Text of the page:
Weathering the Storm

The Tulsa area continues to deal with the aftermath of what I am calling The Father’s Day Eve Windstorm. Just after midnight that Saturday night, gale force, then hurricane force winds and rain came sweeping across the state. Tulsa recorded Category 2 Hurricane-like straight winds of 90 to 100 m.p.h. The damage has been heartbreakingly sad for the lovers of the hundreds of fallen and broken trees. The trees fell on roofs and fences. Winds tore away chimneys, awnings, metal covers and outbuildings.  Power poles snapped or fell over, pulling other poles and lines nearly to the ground. It took a full seven days for the power to be fully restored. This level of destruction has not been seen here since the great Ice Storm of 2007. Looking over the damage to the trees, I noticed many of the large broken trunks were hollow or rotted inside. Others, that were completely blown over, exposed the earth underneath and their shallow root system. There is a sermon illustration from this event about people needing deep roots and solid faith that I may have to preach one day. 

This all brings to mind the story of a famous elderly violin maker from the last century who took his apprentice on a long journey to get some wood to make more violins. They began by walking through a forest of rich and stately trees. The apprentice spotted the perfect tree, but the violin maker said, Not yet. Soon they started up the mountainside which was covered with tall pines and oaks. Surely one of these thought the young man. Not yet. As they climbed higher and higher up the mountain the trees began to be fewer and shorter. There’s a good one over there, said the old man.  The apprentice did not think it looked good at all. He asked, “Why this one? Why not a bigger, taller one like back in the forest?” The violin maker replied. These trees up here have weathered the storms. They’ve faced bitter winds and snow and even drought. They will not break under the pressure of bending their wood. These trees, made stronger through adversity, will make the most beautiful music.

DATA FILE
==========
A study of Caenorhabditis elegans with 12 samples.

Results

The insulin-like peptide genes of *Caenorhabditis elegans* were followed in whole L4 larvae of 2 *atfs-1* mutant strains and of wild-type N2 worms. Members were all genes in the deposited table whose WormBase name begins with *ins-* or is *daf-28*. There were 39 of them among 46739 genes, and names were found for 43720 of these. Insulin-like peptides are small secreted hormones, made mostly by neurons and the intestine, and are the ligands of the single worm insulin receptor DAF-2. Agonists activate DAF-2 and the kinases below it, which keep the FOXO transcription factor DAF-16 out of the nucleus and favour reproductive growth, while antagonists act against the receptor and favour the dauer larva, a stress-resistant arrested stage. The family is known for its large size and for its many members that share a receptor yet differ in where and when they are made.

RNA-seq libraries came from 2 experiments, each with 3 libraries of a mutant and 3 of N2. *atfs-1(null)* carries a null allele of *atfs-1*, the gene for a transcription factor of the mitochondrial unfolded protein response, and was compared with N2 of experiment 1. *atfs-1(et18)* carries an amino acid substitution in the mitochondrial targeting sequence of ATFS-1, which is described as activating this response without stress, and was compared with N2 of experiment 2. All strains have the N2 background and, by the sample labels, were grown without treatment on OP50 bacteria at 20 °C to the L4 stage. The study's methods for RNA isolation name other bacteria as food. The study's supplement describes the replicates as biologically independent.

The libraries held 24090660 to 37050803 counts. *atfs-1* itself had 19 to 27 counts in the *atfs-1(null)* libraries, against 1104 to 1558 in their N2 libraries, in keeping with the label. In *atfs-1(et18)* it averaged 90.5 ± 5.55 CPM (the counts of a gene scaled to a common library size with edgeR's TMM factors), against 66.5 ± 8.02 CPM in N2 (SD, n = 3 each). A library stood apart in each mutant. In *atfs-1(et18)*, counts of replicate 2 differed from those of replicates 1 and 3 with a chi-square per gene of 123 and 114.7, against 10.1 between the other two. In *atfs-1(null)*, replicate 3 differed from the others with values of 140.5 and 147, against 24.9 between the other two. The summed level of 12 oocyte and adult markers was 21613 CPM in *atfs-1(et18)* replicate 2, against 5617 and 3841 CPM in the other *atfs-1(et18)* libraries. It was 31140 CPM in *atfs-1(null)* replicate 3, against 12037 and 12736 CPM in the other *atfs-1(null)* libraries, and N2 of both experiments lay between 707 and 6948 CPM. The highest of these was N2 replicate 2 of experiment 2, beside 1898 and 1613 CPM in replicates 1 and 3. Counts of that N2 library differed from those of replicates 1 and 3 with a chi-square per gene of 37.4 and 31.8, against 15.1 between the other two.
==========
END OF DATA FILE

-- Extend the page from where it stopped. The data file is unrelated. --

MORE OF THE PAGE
I have heard that some insurance adjustors are cautioning home and business owners to wait until September before replacing their roof. They are predicting more severe weather is coming this summer. It may just be they are trying to spread out the insurance recovery costs. I do know more adversity will come our way, so let’s make the most beautiful music we can together.

Keep healthy. Pray mightily. Enjoy your life today. Weather the storms. And let’s experience the love and power of God together.